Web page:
Few weeks ago my wife, also a physician, and I attended a medical seminar on teamwork. A Navy pilot, Steve Harden, was teaching us teamwork skills from the aviation industry so that we could reduce medical errors in the healthcare setting.
The hotel ballroom was packed with 400 doctors with 10 doctors at each round table. We did several small group exercises, yet one exercise is still stuck in my head. Steve asked the doctors to write in our workbooks, “List of members on your healthcare team – people who help you deliver the best possible care to your patient.” We had 3 minutes to do the exercise.
As I was jotting names like nurse, pharmacist, unit coordinator, microbiology lab, and radiologist on my list, my wife was also working on hers. Steve asked few doctors to read from their list and most had what I had. I felt reassured, until Steve asked. “How many people have patient and family as part of their healthcare team?”. My list now looked barren.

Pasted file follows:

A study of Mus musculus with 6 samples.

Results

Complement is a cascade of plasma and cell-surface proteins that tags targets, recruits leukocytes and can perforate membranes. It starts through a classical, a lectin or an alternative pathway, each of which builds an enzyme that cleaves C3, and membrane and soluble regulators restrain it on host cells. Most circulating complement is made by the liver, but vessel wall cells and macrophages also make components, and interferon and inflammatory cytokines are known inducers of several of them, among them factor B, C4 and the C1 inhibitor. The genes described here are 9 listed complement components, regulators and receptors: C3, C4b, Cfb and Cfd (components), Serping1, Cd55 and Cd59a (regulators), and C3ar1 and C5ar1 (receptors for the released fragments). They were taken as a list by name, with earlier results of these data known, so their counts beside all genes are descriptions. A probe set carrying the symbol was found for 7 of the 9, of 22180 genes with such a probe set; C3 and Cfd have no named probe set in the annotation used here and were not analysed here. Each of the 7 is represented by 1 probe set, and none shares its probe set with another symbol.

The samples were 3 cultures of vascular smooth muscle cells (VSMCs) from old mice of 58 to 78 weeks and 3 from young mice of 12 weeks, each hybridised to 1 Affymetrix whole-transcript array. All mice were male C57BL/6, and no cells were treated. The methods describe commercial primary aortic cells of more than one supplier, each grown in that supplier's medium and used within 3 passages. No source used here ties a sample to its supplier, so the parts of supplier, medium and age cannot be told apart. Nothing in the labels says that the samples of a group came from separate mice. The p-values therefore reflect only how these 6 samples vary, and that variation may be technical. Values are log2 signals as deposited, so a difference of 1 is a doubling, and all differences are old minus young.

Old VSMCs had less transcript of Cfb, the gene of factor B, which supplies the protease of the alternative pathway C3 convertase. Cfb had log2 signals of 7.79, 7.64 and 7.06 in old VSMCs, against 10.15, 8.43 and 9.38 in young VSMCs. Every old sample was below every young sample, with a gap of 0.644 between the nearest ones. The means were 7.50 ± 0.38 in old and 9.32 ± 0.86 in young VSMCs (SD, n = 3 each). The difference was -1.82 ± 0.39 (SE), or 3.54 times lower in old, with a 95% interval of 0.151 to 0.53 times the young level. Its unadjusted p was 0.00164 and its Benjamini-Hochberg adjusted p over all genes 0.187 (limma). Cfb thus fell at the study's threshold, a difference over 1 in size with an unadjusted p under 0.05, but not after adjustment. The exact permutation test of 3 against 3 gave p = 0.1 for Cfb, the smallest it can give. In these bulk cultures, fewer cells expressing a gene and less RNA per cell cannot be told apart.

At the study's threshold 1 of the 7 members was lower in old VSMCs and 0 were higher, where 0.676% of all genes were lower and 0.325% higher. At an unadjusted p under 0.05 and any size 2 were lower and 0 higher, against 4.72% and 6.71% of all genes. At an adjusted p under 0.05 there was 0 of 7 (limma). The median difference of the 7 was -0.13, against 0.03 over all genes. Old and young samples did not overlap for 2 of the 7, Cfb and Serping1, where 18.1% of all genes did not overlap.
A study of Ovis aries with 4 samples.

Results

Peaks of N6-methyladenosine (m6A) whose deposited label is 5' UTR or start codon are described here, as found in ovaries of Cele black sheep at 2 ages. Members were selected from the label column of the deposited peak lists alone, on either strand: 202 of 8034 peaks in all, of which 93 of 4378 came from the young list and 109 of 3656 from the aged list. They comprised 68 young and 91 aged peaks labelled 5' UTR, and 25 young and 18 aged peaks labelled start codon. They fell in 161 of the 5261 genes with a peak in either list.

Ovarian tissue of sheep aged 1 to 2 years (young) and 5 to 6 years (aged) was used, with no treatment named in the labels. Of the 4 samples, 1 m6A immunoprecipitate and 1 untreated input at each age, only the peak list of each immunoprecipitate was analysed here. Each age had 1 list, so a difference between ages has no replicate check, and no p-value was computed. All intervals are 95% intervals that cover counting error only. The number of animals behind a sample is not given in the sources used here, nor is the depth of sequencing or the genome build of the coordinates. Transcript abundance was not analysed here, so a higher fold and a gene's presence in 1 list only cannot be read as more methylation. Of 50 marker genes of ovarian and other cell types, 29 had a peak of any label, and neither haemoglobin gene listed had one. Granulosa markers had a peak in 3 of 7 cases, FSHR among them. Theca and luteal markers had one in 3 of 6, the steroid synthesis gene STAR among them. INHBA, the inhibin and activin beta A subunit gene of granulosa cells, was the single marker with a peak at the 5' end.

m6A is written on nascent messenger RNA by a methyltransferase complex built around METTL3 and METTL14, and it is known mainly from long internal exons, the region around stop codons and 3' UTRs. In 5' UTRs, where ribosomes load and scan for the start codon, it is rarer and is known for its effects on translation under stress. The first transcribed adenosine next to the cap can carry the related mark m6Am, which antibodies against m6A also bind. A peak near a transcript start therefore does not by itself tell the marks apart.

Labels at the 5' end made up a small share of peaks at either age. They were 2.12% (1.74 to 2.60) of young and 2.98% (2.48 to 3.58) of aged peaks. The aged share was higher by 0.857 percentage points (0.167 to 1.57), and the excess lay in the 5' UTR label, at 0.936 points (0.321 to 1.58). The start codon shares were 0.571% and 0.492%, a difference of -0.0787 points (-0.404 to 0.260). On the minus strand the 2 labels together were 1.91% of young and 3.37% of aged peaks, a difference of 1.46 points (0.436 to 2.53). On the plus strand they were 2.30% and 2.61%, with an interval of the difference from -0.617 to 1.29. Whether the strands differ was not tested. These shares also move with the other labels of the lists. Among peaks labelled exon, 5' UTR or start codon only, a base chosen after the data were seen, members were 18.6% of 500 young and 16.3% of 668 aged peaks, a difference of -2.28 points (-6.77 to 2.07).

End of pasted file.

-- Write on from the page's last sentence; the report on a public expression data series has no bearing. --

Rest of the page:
Of the 400 doctors only about 4 raised their hands. One of them was my wife. I peeked over and sure enough “patient/family” was on her list. Then, like a flash of lightening it occurred to me. I has forgotten one of the most important resources that could help my patients improve – the patients themselves, their family and the community.
For example, if a patient has diabetes, as healthcare providers we can write hundreds of prescriptions yet that will do little good if we do not take the time to educate the patient and the family about diet, exercise and the management of their disease. The goal is to have the patient take ownership of his disease and engage as a team player with the doctors, nurses, pharmacist and other healthcare providers to improve his/her own care.
A coalition called the Healthy Memphis Common Table (www.healthymemphis.org) has been formed to address this problem of engaging patients, families and the communities in improving health care. The common table is working with media, businesses, hospitals and doctors to focus on our community problem of obesity and diabetes.
The approach to improvement cannot be isolated because the delivery of healthcare is too complex. Doctors, patient, hospitals, families, communities and insurers must work together if we wish to deliver the best possible care. My wife knew it, I am still learning.